Approximately five thousand people die in motorcycle accidents in the United States every year, and they are 29 times more likely to die than occupants of passenger cars. The number of fatalities is also much higher in the warmer southern states than in the northern states.
Motorcyclists are also more vulnerable to injuries, with over 80% of motorcycle crashes resulting in injury. This is because motorcycles are less visible than cars and therefore less protected in the event of a crash. The National Highway Traffic Safety Administration estimates that there are over two million disabling injuries caused by vehicle accidents in the United States every year.
Motorcycles are not equipped with safety features like airbags or an enclosed frame, making them more vulnerable to collisions. In addition, a motorcycle’s lowered visibility and high-performance capabilities make them less stable than other types of vehicles.
Speeding is also a common cause of fatal motorcycle accidents. Drivers who speed tend to have poor reaction times, making them more likely to make poor decisions. Drivers who drink alcohol are also at a higher risk for accidents. A blood alcohol concentration (BAC) of 0.08 percent is legally intoxicated, and drivers with BACs of 0.05% or higher are severely intoxicated.
Motorcyclists who don’t wear helmets are at an even higher risk for fatal accidents. Helmets reduce the risk of fatalities by 67 percent. However, only 18 states mandate that all riders wear helmets. This means that many riders don’t wear helmets.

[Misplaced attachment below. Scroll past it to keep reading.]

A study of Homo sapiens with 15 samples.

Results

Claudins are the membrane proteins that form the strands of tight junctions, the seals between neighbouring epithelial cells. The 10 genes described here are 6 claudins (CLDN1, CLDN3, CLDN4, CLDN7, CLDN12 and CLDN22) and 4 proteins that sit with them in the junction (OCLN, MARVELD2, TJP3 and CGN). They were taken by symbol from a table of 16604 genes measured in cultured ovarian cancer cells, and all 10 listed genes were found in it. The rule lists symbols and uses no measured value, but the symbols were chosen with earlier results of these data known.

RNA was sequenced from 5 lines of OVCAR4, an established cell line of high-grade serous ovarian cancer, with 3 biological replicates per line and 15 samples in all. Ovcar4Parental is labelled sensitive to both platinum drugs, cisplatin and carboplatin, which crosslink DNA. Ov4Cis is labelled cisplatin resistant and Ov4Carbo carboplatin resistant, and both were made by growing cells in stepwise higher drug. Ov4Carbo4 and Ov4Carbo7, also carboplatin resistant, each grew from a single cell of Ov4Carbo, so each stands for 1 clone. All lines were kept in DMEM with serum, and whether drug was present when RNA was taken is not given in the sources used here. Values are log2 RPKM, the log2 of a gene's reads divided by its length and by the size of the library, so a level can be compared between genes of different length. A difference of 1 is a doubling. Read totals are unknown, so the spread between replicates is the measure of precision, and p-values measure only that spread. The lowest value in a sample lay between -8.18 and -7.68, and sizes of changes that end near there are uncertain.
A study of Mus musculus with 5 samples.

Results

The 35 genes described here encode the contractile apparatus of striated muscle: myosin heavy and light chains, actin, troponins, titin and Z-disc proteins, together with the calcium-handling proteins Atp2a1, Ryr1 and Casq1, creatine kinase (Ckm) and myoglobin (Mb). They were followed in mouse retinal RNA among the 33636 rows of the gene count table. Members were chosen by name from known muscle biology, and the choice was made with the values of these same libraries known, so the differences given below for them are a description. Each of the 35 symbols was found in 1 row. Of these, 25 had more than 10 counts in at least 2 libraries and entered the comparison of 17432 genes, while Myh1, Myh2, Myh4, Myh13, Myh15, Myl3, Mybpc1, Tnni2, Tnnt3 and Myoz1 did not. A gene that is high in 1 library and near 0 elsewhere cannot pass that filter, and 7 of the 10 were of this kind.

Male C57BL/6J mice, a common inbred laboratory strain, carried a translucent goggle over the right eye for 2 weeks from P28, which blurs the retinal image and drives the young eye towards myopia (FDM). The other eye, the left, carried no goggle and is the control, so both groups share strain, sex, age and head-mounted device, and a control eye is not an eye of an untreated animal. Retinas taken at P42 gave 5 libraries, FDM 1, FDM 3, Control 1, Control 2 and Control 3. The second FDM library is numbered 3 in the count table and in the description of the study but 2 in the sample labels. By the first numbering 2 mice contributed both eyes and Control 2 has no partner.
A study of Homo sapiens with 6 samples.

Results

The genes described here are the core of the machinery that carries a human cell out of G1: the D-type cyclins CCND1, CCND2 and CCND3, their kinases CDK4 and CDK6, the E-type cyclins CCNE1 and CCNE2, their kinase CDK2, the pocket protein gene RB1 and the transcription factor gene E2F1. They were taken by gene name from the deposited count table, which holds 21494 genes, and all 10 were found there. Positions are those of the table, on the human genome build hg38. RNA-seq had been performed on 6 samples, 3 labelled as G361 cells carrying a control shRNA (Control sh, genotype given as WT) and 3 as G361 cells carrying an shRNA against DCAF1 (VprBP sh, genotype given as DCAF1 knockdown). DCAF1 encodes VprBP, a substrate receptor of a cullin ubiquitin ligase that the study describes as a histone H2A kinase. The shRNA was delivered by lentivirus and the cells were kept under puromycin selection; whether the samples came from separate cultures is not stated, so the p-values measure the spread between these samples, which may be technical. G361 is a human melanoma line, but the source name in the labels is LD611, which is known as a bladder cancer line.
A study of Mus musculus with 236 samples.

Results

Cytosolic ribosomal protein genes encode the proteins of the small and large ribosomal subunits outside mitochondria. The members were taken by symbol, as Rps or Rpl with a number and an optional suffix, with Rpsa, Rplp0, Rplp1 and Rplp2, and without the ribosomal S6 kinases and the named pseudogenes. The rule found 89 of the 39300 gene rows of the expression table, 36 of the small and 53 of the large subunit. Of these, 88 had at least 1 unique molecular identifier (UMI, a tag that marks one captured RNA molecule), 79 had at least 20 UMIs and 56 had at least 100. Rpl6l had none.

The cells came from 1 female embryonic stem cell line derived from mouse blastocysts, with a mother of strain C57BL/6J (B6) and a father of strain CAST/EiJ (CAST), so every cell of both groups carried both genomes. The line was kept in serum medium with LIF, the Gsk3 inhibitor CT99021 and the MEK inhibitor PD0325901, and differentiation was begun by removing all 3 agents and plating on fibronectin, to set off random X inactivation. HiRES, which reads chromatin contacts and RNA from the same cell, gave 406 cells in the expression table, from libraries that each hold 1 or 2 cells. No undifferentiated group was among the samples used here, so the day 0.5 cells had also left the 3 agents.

Drivers who are intoxicated are also at a higher risk of being involved in a motorcycle accident. Drivers who have a BAC of 0.08 percent or higher are significantly more likely to have a fatal crash.
The NHTSA estimates that motorcycle fatalities account for 14 percent of all motor vehicle deaths in the United States. The Department of Transportation also estimates that every six years, the average driver will experience a vehicle-related accident. The National Safety Council estimates that there are about 12 million vehicle accidents each year. Motorcycles account for a small percentage of all vehicle crashes, but motorcycle injuries tend to be more severe.
Approximately half of the fatal motorcycle crashes occur during daylight hours. During the week, most motorcycle fatalities occur between three and six o’clock in the afternoon. On weekends, fatalities tend to occur more often.
The most common motorcycle accidents involve a vehicle turning left in front of a rider. In many cases, the driver failed to see the motorcycle. In other cases, the motorcycle was hit when another vehicle failed to see it. Another common cause of motorcycle accidents is lane splitting. In some states, lane splitting is illegal, but in others, it isn’t.